Book Review: The Chosen Ones

Steve Sem-Sandberg; Anna Paterson, trans.
Farrar, Straus and Giroux, 2016
Hardcover. 576 pp. $27.00
ISBN: 978-0374122805

The fact that Austria recently very nearly elected a far-right candidate who boldly flirted with the iconography and language of the National Socialist movement for its president is surely a direct consequence of its notable failure (in contrast to Germany) to have a serious reckoning with its dark past. One can only hope that Steve Sem-Sandberg’s magnum opus will help encourage younger Austrians to confront their history.

Born in 1958, the author is a Swedish journalist, novelist, non-fiction writer and translator living in Vienna who is as adept at portraying historical realities as he is at witnessing disturbing truths of the human soul.
In a previous, highly acclaimed novel The Emperor of Lies (2009), Sem-Sandberg delivered a chilling portrait of life in the Lodz Ghetto during the four years it housed a starving population of 200,000 Jews prior to its liquidation in August 1944. Through its epic Dickensian scale and portrait of an entire society, the novel rendered up intimate and disturbing glimpses of historical figures such as Heinrich Himmler and Adam Czerniakow (head of the Warsaw Ghetto Judenrat who eventually committed suicide) and particularly the figure of Mordechai Chaim Rumkowski, whose autocratic rule in the Lodz ghetto created controversies that are still being debated by historians, ethicists, and others.

Now Sem-Sandberg turns his fearless gaze on a lesser-known evil, the origins of genocide in the Nazi regime’s euthanasia program (Aktion T4) in Austria.

Some historians have argued that roughly 200,000 were murdered for the sake of racial purity and the “health” of Aryan culture. As he did in his previous book, Sem-Sendberg makes unflinching and harrowing use of historical documents and testimony throughout The Chosen Ones.

Yet this long novel never feels like a history lesson; instead, graced by its author’s indelible gift for expressing the darkly absurd, it restlessly interweaves a variety of perspectives on the horrific reality at its center, moving fluidly between the actions, thoughts, and voices of its gripping characters.

The story begins in 1941 and is set in Am Spiegelgrund, a children’s clinic in Austria, which, during Germany’s annexation, became part of the Nazi euthanasia program. This often labyrinthine narrative unfolds through the alternating perspectives of Adrian Ziegler, a 10-year-old child from a dysfunctional and impoverished family (his father has been damningly labeled as a ‘gypsy’) who is one of the clinic’s early residents, and Anna Katschenka, a wildly deluded and obedient nurse (“efficient, unswervingly loyal and invariably sensible”) employed there.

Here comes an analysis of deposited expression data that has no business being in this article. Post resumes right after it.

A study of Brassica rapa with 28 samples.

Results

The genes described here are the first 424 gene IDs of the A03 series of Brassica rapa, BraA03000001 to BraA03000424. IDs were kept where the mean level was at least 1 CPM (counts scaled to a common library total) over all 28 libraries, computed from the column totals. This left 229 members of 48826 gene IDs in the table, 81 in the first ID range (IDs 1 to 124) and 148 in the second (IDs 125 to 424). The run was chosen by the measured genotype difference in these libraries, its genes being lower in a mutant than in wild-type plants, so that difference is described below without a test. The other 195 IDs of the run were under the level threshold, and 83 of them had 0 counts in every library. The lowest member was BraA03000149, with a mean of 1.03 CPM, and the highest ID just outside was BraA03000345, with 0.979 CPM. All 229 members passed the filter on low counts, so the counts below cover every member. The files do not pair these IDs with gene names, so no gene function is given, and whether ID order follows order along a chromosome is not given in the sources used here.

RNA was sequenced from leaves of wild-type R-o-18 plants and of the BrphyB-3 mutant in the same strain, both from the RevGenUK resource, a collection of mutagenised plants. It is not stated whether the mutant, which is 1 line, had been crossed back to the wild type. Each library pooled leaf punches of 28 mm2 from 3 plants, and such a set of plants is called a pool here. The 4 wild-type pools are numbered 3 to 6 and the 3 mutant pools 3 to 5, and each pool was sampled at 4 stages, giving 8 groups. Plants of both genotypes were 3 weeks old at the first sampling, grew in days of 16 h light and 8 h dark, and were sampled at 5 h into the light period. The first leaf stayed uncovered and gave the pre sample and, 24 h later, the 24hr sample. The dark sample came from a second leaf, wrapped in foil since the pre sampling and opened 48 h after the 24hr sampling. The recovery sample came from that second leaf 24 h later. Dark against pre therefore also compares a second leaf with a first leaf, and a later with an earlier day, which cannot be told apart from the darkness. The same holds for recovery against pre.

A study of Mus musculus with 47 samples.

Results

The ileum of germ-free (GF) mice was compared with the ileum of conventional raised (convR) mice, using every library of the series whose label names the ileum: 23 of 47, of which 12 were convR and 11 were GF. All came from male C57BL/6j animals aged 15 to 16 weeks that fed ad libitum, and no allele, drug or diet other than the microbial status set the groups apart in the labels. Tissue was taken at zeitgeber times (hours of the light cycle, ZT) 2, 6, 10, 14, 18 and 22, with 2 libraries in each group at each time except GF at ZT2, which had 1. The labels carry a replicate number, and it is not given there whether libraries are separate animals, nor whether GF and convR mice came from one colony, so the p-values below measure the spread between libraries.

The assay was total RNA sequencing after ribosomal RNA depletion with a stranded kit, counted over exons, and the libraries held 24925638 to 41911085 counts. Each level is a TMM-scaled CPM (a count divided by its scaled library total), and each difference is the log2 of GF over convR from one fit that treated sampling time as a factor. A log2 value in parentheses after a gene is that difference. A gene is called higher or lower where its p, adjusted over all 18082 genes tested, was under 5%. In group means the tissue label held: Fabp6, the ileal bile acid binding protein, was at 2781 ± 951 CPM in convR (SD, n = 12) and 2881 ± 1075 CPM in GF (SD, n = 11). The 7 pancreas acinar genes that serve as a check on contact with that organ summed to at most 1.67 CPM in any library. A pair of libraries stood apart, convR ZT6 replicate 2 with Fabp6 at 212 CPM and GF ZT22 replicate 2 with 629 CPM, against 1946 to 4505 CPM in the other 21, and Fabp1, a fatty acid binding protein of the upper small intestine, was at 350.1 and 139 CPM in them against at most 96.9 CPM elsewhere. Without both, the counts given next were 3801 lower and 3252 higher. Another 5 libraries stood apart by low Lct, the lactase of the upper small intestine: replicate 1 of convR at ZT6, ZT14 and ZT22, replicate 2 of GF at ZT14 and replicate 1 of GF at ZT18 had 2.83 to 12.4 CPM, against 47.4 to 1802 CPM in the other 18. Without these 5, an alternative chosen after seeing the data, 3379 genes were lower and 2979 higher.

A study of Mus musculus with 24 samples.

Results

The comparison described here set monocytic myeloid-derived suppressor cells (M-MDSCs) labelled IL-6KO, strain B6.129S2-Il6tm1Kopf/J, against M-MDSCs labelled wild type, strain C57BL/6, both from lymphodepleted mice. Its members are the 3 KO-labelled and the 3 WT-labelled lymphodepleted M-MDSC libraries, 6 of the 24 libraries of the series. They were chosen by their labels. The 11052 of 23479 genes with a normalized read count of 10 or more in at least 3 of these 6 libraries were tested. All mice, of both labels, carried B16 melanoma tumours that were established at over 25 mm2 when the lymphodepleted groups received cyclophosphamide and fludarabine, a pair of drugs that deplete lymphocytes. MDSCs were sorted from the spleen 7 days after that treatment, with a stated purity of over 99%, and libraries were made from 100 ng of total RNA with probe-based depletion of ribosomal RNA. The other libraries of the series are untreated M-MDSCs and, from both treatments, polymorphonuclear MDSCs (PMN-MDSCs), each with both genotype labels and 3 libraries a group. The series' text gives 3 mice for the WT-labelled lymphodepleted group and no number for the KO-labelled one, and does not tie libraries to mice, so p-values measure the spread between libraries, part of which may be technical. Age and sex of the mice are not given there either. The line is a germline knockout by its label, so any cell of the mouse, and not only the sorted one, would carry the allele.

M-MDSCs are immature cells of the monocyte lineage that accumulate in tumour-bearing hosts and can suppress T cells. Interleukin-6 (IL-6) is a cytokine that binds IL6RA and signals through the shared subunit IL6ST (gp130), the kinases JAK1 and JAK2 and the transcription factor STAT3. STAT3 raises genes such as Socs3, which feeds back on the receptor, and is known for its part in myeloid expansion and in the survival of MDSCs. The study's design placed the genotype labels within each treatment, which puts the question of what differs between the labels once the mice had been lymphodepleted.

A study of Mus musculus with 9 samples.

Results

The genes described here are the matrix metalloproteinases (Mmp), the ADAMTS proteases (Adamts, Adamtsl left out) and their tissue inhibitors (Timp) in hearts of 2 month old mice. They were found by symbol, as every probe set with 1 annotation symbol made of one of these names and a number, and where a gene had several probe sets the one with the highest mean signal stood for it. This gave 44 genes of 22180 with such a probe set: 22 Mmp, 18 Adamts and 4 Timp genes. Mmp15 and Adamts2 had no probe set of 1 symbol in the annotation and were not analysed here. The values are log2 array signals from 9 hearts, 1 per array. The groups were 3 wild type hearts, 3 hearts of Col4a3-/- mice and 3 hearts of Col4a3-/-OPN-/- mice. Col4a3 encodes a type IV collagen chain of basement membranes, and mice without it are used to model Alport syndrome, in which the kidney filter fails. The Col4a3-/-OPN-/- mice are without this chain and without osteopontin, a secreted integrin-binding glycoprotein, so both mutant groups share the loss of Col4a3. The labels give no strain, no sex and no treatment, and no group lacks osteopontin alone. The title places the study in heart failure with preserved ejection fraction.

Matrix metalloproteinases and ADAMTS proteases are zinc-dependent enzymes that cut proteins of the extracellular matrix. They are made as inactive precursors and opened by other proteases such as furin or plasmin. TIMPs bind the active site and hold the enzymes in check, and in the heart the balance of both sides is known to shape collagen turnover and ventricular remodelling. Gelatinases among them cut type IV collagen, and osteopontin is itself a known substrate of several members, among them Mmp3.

Through Adrian’s eyes we witness numerous children disappear from their beds. In addition to lethal injections, some of them are the subjects of obscene experiments in experiments in “encephalography” and “hereditary biology.” Aside from those deemed irredeemably unruly, like the protagonist, the program also includes the disabled and ill.

Among dozens of other troubling characters the author brings to life in these pages the most disturbing is surely Doctor Jekelius (1905-1952), an historical figure responsible for sending over 4,000 patients to the gas chambers. He was later captured by the Red Army and sentenced to 25 years of hard labor in a Soviet labor camp where he eventually died of cancer. Yet shockingly, he is not the worst doctor we encounter in these pages.

The author’s unsparing prose exposes the heartbreaking horrors and torments of this system of betrayed children, murderous nurses and doctors, and the usual unheroic bystanders, yet this narrative is brimming with beautiful, even poetic language that ultimately crystalizes and intensifies the very bad news about the human condition it delivers.

After reading the author’s earlier Emperor of Lies, Hilary Mantel declared that it was “fiction operating at its best, to close the gap between past and present, between them and us: not through sentiment but through real understanding … I find it difficult to think of any book that has had such an immediate and profound impact on me.”
It is hard to imagine that The Chosen Ones, with all its disturbing revelations, with leave any less of an impression on its fortunate readers. Sem-Sandberg’s magisterial and at times merciless novel is well served by translator Anna Paterson’s sparkling and colloquial rendering. One can only hope that this brave and important work will find readers everywhere and perhaps also ignite many soul-searching discussions in Austria where historical awareness is so long overdue.